Public Order is identified as individual or group acts which interfere with society and the ability of others to function effectively. Behaviour that goes against the collective normal, agreed social values and customs.

Public order really means that the actions of a group of individuals should not impinge on the rights and convenience of any other group.

The Open University have defined Public Order as “the quiet and orderly behaviour of people in public space. It involves people behaving sensibly and rationally, and respecting others”. Whilst the Crown Prosecution Service defines a public order offence as an “act that involves the use of violence and/ or intimidation by individuals or groups”.

Public Order includes riots, affray, drunk and disorderly behaviour, violent disorder. It can include firearms, offensive weapons, violence, hate crime, harassment, extremism and gang behaviour. In addition, assaults on emergency services are also included within Public Order.

Crowd management is a key part of maintaining Public Order. “Crowd management is the focus of policing large-scale national and regional events, and routine local community events. It includes the policing of planned and spontaneous public events (such as protest and football) and the policing of any events or trigger incidents which result in, or may result in, public disorder.” (College of Policing)

They are seen as precursors to, or part of, other offenses.

Magistrates Courts Act 1980: can bind over to keep the peace or be of good behaviour towards a person who has raised a complaint about the individual.

  • Most Public Order training is provided within the Justice system.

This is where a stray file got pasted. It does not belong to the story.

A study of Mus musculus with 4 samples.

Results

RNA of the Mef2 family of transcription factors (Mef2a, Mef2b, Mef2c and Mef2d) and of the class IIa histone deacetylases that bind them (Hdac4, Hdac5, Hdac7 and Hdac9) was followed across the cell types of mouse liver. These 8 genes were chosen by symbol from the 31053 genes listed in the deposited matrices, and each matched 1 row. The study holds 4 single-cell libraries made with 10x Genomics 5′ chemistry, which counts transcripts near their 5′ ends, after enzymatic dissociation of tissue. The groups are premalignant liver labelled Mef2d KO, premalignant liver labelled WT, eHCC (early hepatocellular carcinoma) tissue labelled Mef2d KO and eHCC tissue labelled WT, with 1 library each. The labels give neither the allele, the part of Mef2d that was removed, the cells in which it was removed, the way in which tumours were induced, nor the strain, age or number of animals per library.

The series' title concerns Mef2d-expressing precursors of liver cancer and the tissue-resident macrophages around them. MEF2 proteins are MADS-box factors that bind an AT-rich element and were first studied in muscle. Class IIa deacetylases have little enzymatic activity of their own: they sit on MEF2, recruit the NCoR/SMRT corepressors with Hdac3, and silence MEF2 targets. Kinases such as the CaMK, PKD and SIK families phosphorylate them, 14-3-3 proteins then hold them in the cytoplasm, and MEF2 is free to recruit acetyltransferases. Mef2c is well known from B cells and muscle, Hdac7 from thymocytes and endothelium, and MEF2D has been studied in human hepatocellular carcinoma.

• Cumbria Police

Public Order Training & Fire Training on new area (YouTube)

  • Sussex Police

Public order demonstrating brick tactics (YouTube)

Useful Links

College of Policing – Public Order

Visit the Website

Help and Support

For victims, families and concerned people

Unlike other areas linked to anti-social behaviour, public order is reported to the Police on 101 or 999 if it’s an emergency. It can also be reported online to the local Police force, South Wales Police, Dyfed Powys Police, Gwent Police or North Wales Police. Providing evidence before action can be taken may still apply, ask who you are reporting to what information/ evidence they will need. Increasingly some are utilising Apps.

ASB Help provide information and advice to those impacted by anti-social behaviour in Wales and England. They also have information on who to report to, such as Local Authorities, Police and Housing Associations.

Victim Support provide support for victims of all crimes. Crimestoppers can be used to report anonymously.

The courts may make a Bind Over Order to respond to low-level disorder. They postpone a sentence under a set of conditions.